Last week I wrote about being in the flow. Think about the Buddha’s river that I mentioned in that blog. If being in the flow is allowing the current of that river to take us, then imagine if our loved ones were with us in that peaceful river? You and I cannot push our partners into the river. We can’t put them in a lifesaving hold and drag them down the river single-handedly, either. They, like each of us, need to arrive at the flow on their own.
However, being in the flow with your partner, and feeling that balanced sense of being in each moment as it unfolds, is a wondrous path to an even stronger relationship.
When you are in the flow with your partner, there is a seemingly effortless space that you share with one another. You may experience feelings of deep meaningful love, contentment, peacefulness, engagement, connectedness, openness, and oneness.
As I mentioned last week—when you are there it feels easy, but getting there can be hard. The busyness of life gets in the way…work, family, chores, even play time when it controls you instead of the other way around. You “can’t” leave the office until 8 so you miss a chance to sit on the porch and watch the sun going down with your partner. The kids “must have” new soccer cleats today, so the family will eat drive-through dinners tonight. You “have to” pick up paper towels, spark plugs, mustard (whatever) on the way home, at which point your spouse will be at her/his meeting. You have had this weekend’s group hike planned for months and “could not” possibly cancel it now… even though you just want to sit in the yard holding hands with your partner and smelling the autumn foliage/coffee/wood-smoke.
Are you sure? Let’s look at the benefits of “the flow” to your relationship– aka ditching the distractions, shoulds, musts, and have tos of life. At least now and then.
≈ Relationship health. If you are present for your own life, you will be more present for your partner as well. It will just happen.
≈ Trust. Living in a conscious way, with gratitude, allows you to trust what you see, because you really see it. Your trust in yourself will include trust in your partner and your relationship, especially when you are both in the flow together.
≈ Resolution. Misunderstandings will be much easier to resolve. Of course you will still have disagreements. Trying to live in the flow does not mean you become a higher being. You and I are still human beings and, last I checked, we humans are flawed. Big time. But those flaws don’t have to seem so desperate or insurmountable. Flow means forgiveness, understanding, resolution. (Both for ourselves and with our partners, by the way.)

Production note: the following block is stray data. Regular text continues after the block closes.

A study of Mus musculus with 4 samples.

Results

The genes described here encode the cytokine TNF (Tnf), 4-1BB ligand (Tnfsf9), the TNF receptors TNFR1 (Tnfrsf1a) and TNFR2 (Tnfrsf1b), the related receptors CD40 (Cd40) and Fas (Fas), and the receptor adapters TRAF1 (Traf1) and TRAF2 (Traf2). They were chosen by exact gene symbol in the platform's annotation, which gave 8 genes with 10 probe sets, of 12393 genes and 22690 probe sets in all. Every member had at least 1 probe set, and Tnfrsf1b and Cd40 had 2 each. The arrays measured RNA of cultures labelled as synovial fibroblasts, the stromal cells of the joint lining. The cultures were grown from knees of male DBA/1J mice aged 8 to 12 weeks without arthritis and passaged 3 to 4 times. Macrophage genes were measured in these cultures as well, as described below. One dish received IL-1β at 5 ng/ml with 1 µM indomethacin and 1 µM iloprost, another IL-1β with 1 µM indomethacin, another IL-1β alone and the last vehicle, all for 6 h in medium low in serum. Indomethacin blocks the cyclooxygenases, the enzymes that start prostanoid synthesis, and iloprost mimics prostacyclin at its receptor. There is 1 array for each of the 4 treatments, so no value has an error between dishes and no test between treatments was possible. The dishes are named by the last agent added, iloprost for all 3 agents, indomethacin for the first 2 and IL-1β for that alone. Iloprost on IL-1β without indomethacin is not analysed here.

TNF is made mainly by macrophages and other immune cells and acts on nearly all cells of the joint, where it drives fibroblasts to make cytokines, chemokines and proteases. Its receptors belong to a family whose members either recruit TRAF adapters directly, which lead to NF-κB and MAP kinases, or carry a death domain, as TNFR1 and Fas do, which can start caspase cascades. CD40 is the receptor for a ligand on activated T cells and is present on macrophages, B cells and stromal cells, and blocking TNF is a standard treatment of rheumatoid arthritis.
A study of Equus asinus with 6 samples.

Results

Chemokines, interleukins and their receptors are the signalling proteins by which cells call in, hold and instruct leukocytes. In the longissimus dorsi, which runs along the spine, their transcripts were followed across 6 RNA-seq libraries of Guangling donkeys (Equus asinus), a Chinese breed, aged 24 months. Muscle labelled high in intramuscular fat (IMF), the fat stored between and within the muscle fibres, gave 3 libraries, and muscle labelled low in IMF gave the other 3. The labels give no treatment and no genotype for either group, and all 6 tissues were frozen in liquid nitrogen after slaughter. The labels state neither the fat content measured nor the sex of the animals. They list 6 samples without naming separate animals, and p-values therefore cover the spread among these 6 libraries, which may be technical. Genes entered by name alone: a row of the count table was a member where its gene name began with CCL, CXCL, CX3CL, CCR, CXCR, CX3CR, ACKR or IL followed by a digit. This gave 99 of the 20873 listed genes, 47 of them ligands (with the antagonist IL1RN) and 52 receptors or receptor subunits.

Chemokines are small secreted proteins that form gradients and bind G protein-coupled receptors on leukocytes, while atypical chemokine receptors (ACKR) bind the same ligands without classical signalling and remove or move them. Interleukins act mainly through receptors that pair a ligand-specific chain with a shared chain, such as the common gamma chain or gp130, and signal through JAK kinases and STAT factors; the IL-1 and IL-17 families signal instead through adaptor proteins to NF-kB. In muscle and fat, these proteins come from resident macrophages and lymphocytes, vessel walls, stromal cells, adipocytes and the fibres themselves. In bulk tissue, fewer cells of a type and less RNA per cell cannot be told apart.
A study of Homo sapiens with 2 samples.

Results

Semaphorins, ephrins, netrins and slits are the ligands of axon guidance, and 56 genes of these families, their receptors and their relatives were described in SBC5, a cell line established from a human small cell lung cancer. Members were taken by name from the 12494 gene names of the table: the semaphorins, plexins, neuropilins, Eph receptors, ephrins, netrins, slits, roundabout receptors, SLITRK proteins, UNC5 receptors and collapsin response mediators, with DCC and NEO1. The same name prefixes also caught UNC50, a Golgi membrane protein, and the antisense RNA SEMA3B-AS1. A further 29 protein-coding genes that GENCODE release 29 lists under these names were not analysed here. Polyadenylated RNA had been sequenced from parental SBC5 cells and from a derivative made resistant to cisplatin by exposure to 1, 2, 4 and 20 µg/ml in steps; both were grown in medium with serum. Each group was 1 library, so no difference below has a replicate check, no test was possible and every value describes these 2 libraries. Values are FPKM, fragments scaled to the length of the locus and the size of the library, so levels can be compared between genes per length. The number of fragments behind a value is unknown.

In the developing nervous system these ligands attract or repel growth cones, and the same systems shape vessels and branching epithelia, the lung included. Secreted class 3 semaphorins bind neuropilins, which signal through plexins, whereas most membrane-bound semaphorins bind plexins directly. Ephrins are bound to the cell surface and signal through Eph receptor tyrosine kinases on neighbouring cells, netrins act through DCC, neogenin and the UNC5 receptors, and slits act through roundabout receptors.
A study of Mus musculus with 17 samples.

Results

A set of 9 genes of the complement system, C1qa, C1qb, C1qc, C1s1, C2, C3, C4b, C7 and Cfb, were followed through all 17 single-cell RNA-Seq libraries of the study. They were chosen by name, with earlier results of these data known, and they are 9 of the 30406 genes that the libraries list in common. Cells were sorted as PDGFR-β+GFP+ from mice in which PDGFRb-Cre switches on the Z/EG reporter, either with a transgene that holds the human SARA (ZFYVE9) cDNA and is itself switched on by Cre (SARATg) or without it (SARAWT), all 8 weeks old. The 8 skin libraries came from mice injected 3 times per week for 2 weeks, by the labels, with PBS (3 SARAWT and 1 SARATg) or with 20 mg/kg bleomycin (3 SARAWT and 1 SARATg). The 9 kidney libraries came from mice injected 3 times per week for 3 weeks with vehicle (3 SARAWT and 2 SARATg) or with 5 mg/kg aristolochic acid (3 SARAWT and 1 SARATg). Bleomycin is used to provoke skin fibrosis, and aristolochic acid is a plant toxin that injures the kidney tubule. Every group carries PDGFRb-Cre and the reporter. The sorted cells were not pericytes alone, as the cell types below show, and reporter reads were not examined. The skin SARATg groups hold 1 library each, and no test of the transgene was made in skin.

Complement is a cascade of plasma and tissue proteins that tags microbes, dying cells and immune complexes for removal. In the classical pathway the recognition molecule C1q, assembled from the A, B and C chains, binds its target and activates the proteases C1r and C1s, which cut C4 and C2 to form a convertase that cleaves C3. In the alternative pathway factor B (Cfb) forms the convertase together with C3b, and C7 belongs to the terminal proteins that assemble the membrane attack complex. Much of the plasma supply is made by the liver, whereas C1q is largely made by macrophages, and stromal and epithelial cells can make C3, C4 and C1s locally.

≈ Validation. I can hear you say it. “Why do I need validation if I’m in the flow?” It’s true that your most essential validation comes from within, but let’s face it, part of being in a healthy relationship is having a partner who sees, hears, and appreciates us. That comes naturally when you both are living authentically and honestly within the flow.
≈ Acceptance. People change. Circumstances change. But we can also be rigid, fearful, and suspicious of change. If we live in the flow, it is much easier to accept changes, and even grow with them.
First work on your own experience of the flow, the now, the river. As you do that, you may be able to bring your partner along with you. Share some of the following ideas with him/her about how to achieve the flow together.
≈ Make time. Start with just a little bit of time each day when you simply are present with your partner. Look into each other’s eyes. Sit holding hands in nature, or before the fire. Talk or don’t. Just be.
≈ Center yourself. Find that famously elusive “still center”—it’s really not that elusive after all. Suddenly you will find yourself seeing your partner through refreshed eyes.
≈ Listen. Just as you listen to all that is around you when you are living in the flow, listen oh-so closely to your partner—to the spoken and the unspoken.
≈ Accept. Accept what? First of all, this: emotion as source. As I discussed last week, the flow is about being emotionally centered and aware of what it feels like inside you: calm, uneasy, happy, gloomy etc. Being aligned with your emotions will allow you to feel those of your partner and create a strong emotional alliance.
If any of this sounds a little hard to pin down, take a step back and realize that all this really means is be present. We never hear the bird outside because we are tapping on our keyboard so furiously. We don’t enjoy the sandwich we scarf down as we drive to our next appointment. We all can relate. Be present with that bird, that sandwich, with YOU, and with your partner. When you feel that feeling—that’s the flow. And it allows you to:
≈ be vulnerable
≈ trust yourself
≈ really look at your partner
≈ be empathic
≈ accept yourself and your partner as you are
≈ communicate (not just talk)
When you are in the flow, it will be much easier for your beloved partner to be there too. Set an example. You do not have to commit to this experiment together. It’s for you—an individual choice to let the messy clutter go once in a while, and feel the flow of life all the way to your heart. When that happens, you will be a more present, loving partner and that is good for… everyone.